Marci Krivonen

Reporter

Originally from Montana, Marci grew up near the mountains and can't get enough of them. She began in broadcasting in Missoula, Montana where she anchored Montana Public Radio's local Evening Edition news program. She then picked up a camera and tripod and worked for Missoula's local CBS television station as a reporter. Shortly after that, she returned to radio and became the Assistant News Director at a radio station in Oshkosh, Wisconsin. Marci began at Aspen Public Radio in 2007 as the station's morning host and reporter. Although you can occasionally hear Marci in the mornings, she is now quite content to be sleeping in and reporting all day. When not at the station, Marci is on her road bike, meeting people, or skiing.

Ways to Connect


Citizens for Aspen Alive is working to get people to vote yes on Question 2A. It would allow developer Mark Hunt’s Base 2 lodge to be built on the corner of Monarch and Main streets. Hunt’s the lone contributor to the issue committee, spending $50,000 of his own money on things like mailers, newspaper advertising, t-shirts, pizza and beer.

https://www.youtube.com/user/BeHeardTVlive

A Carbondale nonprofit is getting involved in this week’s Republican presidential debate in Boulder. The True Media Foundation will aim to give youth a voice during tomorrow’s event. 

The Foundation teaches local students to produce media with positive social impact. One of its programs - Be Heard! - is spearheading the GOP effort. It’s sending two mobile production vehicles and a crew to the CU Boulder campus - the site of the debate.

Marci Krivonen

There’s growing momentum around producing local food in the Roaring Fork Valley. The new group Roaring Fork Beginning Farmers and Ranchers sprung up earlier this year. It targets mostly young people and it’s meant to help new farmers with hurdles like expensive land. Aspen Public Radio’s Marci Krivonen has more.

Creative Commons/Flickr/David Leo Veksler

By the year 2040, nearly 8 million people will call Colorado home. A new set of data shows the state’s population will grow by 40 percent. 

Rocky Mountain PBS and I-News examined numbers from the Census Bureau and state demographer. They released the data last week.

It shows Garfield County’s population will surpass 100,000 people sometime between 2035 and 2040. The latest population count shows 57,302 people live in the county. Most of the Western Slope, led by Garfield County, will experience strong growth between now and 2040.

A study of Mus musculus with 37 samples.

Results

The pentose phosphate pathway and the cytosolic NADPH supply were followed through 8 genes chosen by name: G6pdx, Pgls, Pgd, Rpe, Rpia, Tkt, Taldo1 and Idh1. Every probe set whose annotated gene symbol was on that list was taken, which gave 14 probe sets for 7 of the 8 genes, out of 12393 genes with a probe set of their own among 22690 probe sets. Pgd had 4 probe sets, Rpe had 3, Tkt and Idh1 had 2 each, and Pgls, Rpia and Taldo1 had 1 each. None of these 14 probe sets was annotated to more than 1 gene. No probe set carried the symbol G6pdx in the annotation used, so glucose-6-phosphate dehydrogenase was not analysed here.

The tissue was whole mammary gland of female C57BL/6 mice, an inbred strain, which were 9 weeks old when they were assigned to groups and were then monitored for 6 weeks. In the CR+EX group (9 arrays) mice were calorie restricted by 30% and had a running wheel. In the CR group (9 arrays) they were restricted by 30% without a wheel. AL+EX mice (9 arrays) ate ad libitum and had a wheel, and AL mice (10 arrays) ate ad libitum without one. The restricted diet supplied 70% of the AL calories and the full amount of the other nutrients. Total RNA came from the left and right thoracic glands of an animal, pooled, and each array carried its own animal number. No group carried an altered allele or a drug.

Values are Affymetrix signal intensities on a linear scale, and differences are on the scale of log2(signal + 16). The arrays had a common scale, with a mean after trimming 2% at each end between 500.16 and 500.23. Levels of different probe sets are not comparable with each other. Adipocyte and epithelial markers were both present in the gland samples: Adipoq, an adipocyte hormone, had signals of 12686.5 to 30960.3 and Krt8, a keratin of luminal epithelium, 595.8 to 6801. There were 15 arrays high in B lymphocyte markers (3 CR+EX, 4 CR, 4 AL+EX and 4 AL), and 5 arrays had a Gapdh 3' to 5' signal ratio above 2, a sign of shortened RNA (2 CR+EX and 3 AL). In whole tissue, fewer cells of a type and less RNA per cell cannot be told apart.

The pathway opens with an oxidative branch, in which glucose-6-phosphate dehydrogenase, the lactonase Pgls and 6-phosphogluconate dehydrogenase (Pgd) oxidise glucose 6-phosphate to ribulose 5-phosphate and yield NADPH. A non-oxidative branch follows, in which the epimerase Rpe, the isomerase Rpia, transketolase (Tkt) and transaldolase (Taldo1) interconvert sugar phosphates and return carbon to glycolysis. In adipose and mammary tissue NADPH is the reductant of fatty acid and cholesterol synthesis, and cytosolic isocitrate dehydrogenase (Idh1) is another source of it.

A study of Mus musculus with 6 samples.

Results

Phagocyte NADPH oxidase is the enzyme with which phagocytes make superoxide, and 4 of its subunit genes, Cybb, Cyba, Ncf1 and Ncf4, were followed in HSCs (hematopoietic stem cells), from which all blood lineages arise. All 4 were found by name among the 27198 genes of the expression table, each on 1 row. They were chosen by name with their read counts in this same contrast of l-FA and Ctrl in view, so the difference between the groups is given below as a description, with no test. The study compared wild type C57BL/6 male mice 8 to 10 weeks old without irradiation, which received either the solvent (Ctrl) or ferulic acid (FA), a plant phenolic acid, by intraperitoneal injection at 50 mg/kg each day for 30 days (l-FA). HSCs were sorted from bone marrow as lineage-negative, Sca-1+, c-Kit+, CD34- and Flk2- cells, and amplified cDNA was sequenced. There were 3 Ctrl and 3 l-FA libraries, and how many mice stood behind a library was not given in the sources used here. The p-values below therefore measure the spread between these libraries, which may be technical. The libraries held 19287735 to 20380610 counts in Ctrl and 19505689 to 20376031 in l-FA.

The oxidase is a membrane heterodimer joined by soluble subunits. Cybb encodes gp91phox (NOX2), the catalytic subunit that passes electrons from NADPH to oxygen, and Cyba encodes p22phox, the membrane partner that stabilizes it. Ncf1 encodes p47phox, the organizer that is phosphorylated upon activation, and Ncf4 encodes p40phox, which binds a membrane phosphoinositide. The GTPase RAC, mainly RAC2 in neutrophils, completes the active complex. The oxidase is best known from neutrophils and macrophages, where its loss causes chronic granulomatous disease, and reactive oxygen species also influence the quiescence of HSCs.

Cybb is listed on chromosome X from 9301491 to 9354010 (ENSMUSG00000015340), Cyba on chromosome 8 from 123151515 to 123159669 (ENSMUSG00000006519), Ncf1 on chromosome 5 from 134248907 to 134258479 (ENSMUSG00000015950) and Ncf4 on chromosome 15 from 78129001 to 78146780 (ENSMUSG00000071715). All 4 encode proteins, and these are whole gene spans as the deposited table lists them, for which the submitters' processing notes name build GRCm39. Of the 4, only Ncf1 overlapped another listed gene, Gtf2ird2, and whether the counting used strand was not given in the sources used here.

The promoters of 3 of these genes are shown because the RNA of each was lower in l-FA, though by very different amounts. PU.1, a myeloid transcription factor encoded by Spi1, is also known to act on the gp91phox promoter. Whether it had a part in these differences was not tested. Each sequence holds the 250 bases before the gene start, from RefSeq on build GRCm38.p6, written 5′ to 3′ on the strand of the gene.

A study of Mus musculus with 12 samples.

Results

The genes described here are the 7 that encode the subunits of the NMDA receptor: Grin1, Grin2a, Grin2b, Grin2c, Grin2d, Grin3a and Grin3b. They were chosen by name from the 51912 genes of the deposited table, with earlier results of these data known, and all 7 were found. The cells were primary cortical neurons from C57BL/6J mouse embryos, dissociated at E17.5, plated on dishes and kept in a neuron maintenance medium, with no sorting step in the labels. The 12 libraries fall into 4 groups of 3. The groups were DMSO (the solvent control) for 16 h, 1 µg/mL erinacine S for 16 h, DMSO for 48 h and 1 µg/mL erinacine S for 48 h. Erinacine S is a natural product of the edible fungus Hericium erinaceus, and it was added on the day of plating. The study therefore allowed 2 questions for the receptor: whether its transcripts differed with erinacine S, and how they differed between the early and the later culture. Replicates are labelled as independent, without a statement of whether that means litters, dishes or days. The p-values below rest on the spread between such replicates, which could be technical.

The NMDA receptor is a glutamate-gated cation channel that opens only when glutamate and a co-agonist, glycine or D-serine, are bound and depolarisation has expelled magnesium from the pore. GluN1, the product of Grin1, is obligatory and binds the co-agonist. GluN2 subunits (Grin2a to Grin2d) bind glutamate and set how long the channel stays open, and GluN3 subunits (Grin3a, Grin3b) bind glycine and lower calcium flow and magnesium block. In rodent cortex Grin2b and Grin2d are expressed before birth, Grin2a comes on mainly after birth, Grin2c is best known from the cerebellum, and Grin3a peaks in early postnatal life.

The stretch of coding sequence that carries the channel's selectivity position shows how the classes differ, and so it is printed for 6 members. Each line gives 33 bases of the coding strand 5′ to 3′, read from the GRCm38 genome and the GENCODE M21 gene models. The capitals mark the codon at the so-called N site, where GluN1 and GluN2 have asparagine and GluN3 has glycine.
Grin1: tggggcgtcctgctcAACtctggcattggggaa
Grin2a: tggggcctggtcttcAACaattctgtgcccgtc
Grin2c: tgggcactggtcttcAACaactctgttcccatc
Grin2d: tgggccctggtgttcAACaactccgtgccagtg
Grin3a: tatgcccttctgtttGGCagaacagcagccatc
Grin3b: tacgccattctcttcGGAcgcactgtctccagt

Sandra Peirce

Five people are vying for two open seats on the Aspen School District’s Board of Education. Issues being discussed this campaign season include district funding, teacher housing and school culture. All of the candidates support ballot question 3A, which seeks school funding through property taxes.

Mary Houchin

Five people are vying for two open seats on the Aspen School District’s Board of Education. Issues being discussed this campaign season include district funding, teacher housing and school culture. All of the candidates support ballot question 3A, which seeks school funding through property taxes.

Marci Krivonen

Five people are vying for two open seats on the Aspen School District’s Board of Education. Issues being discussed this campaign season include district funding, teacher housing and school culture. All of the candidates support ballot question 3A, which seeks school funding through property taxes.

Marci Krivonen

Five people are vying for two open seats on the Aspen School District’s Board of Education. Issues being discussed this campaign season include district funding and school culture. All of the candidates support ballot question 3A, which seeks school funding through property taxes.

Pitkin County

The budget for Pitkin County is getting reviewed ahead of a December deadline for adoption. The $104 million budget reflects upgrades to government buildings.

Each fall the county commissioners review every dollar the local government plans to spend in the coming year. In 2016, ongoing expenses like salaries, health services and public safety are rising by 1.7 percent. But, the overall budget will increase by 8.9 percent. That includes expected costs for a major construction project. Jon Peacock is county manager.